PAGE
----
Burkinis Banned At Cannes Beaches After Islamic Terror Attacks

Nissrine Samali 20 gets into the sea wearing traditional Islamic dress in Marseille southern France

The French Riviera resort of Cannes has banned women from wearing burkinis, otherwise known as full-body swimsuits, because they “symbolise Islamist extremism”.

Me Sefen Guez Guez, CFIC lawyer announced he would appeal against that order to the State Council, the highest French administrative court, arguing that “this decision opens the door to banning all religious symbols in public space “. City ordinances in Cannes effectively forbade the burkini as well as swimwear that “ostentatiously displays religious affiliation, when France and places of worship are now the target of terrorist attacks”. The same laws ban public school girls from wearing headscarves while attending class. Violators risk a 38 euro (£32) fine.

Cannes is less than 20 miles from Nice, where Mohamed Lahouaiej-Bouhlel ploughed a lorry into a crowd gathered to watch Bastille Day fireworks, killing 85 people.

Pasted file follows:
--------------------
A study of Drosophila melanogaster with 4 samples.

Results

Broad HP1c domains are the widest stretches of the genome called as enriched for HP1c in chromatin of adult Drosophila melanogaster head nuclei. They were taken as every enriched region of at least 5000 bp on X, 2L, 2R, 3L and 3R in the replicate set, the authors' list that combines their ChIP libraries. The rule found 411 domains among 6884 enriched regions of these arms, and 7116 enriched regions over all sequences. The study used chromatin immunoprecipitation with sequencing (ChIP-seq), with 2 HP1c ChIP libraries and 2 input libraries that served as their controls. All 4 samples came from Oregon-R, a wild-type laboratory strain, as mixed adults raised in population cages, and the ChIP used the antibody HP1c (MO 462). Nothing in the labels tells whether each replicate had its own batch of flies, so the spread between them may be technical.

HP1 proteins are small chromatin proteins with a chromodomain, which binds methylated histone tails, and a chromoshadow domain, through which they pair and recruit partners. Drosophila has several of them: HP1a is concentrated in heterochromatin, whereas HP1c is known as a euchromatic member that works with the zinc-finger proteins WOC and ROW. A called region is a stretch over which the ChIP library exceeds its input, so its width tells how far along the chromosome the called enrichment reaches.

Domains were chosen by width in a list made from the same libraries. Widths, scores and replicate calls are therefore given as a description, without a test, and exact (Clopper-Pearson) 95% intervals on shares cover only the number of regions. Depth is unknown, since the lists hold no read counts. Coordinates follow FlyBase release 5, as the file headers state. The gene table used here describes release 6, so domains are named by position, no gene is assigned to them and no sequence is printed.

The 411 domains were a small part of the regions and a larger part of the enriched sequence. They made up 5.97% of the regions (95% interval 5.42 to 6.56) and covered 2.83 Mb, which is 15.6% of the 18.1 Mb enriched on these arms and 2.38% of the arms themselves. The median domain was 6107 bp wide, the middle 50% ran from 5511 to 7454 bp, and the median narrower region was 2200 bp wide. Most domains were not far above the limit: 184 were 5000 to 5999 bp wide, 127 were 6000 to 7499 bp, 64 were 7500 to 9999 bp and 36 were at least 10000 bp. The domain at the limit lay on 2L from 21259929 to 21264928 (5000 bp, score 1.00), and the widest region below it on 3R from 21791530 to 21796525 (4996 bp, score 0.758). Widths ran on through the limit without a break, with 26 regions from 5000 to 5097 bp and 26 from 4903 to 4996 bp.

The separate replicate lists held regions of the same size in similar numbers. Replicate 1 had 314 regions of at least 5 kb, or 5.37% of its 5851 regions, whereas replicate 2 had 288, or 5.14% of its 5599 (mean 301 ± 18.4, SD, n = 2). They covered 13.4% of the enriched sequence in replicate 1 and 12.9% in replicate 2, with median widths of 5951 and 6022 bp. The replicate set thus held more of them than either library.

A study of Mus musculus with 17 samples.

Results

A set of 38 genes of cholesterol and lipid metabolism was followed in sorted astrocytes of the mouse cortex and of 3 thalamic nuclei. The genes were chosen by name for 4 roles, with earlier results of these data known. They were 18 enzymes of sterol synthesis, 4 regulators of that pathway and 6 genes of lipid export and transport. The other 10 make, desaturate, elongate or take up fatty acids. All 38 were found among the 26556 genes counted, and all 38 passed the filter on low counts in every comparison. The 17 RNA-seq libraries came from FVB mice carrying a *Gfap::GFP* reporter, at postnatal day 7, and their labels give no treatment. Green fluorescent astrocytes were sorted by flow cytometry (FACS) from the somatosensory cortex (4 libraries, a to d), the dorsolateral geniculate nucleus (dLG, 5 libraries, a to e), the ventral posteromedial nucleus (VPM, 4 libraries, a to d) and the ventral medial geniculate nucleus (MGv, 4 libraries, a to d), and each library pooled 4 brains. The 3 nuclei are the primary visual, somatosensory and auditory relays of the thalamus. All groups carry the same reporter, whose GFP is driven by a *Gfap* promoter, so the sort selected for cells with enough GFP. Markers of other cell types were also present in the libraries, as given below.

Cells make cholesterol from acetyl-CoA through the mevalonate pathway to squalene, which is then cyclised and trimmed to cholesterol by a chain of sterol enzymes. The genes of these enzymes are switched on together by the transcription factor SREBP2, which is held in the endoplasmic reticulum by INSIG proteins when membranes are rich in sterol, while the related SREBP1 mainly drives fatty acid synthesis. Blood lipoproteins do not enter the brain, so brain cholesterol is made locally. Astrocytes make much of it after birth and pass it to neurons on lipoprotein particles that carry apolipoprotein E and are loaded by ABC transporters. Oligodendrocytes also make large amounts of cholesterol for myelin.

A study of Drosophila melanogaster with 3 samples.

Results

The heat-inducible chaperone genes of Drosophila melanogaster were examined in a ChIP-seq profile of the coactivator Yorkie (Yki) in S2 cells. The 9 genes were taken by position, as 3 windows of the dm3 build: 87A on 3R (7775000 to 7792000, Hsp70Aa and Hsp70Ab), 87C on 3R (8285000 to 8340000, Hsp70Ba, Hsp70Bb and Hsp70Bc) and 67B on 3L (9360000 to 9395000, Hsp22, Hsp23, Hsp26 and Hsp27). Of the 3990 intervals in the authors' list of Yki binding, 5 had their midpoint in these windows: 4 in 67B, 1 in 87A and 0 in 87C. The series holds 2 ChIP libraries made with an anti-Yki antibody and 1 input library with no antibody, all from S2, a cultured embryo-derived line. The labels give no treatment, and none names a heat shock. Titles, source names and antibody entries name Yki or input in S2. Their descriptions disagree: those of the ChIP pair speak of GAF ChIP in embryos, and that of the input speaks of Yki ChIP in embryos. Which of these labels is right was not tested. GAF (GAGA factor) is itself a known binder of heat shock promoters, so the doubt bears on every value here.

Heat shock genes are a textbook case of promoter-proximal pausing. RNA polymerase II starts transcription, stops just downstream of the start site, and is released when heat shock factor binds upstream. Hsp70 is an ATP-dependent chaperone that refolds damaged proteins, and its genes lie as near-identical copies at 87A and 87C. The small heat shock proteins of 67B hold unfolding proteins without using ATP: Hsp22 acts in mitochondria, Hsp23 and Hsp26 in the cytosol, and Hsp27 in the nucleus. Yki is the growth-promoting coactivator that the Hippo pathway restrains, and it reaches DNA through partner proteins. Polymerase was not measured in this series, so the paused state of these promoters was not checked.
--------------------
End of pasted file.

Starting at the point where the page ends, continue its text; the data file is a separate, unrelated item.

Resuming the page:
Sama Wareh walks along the sand dressed in swimwear designed for Muslim women Newport Beach, Calif., Thursday, Feb. 15, 2007. He also thinks that they are could spark violent incidents, due to the religious nature of the clothing.

The League of Human Rights said in a statement that it would challenge the “burkini” ban in court.

Women who violate the burkini ban will be issued a warning and asked to change out of their swimsuit.

Under the so-called 2011 “burqa-ban” in France, women are barred form wearing full face veils in public but they are not banned from wearing burqinis, which normally cover the whole body, but the face.

There is uproar in France after the controversial decision to ban the burkini on Cannes’ beaches. However, no woman has so far been fined since the law went into effect in July.

Although the ban seems to have been crafted primarily to apply to burkinis, Mayor Lisnard told a local paper that it could also apply to Indian saris.

And France’s Socialist Party has said this kind of rule would “play into the hands of religious fundamentalists”.

France has been blighted with a huge number of terror attacks, including the recent truck attack in Nice, just along the coast and many people in France have demanded that the Government act against potential terrorist.

Mayor Luca referred to the attacks in disputing charges that the burkini ban was discriminatory, saying it was intended “to avoid any disturbance to public order in the region which was hit by attacks”.

Two weeks later, after extremists killed a Catholic priest near Rouen, Muslims across France attended Mass in a symbol of solidarity and a denunciation of terrorism.